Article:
These Radical Ideas Show How Nature Can Inform Sustainable Design

The latest Biomimicry Global Design Challenge winners take their inspiration from the original innovation master.

Before humans ever conceived of sustainable design, nature was doing a good job. Plants and animals have evolved to use energy efficiently, to be multi-functional yet balanced, and to use information to carry out living processes. With this in mind, the Biomimicry Institute challenges designers to mine nature for new ideas, as you can see from its 2016 Biomimicry Global Design Challenge.


“Nature has done 3.8 billion years of R&D already, so looking at nature for inspiration is a no-brainer,” says Jacob Russo, co-creator of the Nexloop rain harvesting concept, one of the winners. The device, designed to be retrofitted to a building facade or placed within a window, like an air conditioner, captures water and automatically uses it to irrigate plants inside the home.

Its biomimicry comes from the surfaces that draw in the water and then absorb it. On the vertical, these are hydrophobic–like lotus leaves–funneling water downwards. On the horizontal, the surface is hydrophilic–like an ice plant–drawing water in. The idea is that you could install it and leave it, never having to draw on the municipal water system again.

“We’re interested in this being a closed-loop passive system. You wouldn’t need pumps, because it will use capillary action as a means of water transportation,” says Russo, a graduate from Carnegie Mellon’s architecture program. “Allowing the building facade to be a medium allows this to be larger-scale infrastructure that’s part of a food-water nexus.”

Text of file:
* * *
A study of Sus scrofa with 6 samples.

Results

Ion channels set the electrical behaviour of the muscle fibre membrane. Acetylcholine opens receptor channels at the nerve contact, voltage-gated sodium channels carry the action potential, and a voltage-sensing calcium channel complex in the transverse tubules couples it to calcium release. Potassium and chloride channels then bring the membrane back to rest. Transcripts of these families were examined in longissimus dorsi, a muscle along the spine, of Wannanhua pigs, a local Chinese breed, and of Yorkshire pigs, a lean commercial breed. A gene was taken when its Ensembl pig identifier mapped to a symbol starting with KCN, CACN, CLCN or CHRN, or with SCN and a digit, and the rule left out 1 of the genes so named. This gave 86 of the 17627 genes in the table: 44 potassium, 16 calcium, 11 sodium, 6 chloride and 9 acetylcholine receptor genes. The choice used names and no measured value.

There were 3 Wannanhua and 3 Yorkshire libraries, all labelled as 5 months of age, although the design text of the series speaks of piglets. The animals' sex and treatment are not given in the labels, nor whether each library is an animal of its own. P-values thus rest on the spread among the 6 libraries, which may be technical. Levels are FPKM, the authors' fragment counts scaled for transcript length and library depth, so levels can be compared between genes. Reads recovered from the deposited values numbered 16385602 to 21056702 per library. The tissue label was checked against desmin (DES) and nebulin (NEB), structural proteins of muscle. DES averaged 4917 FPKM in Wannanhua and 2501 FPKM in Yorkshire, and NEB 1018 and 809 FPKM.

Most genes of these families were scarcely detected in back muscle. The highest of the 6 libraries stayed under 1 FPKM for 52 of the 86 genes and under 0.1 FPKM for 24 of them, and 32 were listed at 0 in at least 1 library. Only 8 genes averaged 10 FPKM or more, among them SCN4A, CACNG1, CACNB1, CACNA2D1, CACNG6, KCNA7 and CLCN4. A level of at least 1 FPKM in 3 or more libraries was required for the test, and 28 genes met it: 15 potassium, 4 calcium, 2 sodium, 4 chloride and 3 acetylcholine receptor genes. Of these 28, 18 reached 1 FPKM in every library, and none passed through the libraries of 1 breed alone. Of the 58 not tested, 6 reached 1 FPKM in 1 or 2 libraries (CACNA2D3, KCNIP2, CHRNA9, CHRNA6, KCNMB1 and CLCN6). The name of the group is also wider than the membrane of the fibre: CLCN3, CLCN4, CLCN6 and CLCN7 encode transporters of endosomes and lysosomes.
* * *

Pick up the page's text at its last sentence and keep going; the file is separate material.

This year’s challenge was all about food. Other ideas include a social network for food-buying that was inspired by ants (see the video below) and a concept restaurant from the U.K. that was inspired by how “mycorrhizal fungi help exchange carbon, nutrients, and water between plants.”

Megan Schuknecht, director of design challenges at the institute, says biomimetic design is more difficult than it looks. Ideally, the teams should define problems first and then scan nature for ideas, rather than the other way round. The principles of efficiency and nature’s balance are guides for the teams to work off, she says.


The 10 winning entries, including three student winners, receive cash prizes, with the seven “open category” teams being invited to the institute’s new accelerator program. The winner of that stage, announced this October, will get the $100,000 Ray C. Anderson Foundation Ray of Hope Prize, named after the pioneering founder of the Interface carpet company.

See more of the winners here.


Ben Schiller is a New York staff writer for Fast Company. Previously, he edited a European management magazine and was a reporter in San Francisco, Prague, and Brussels.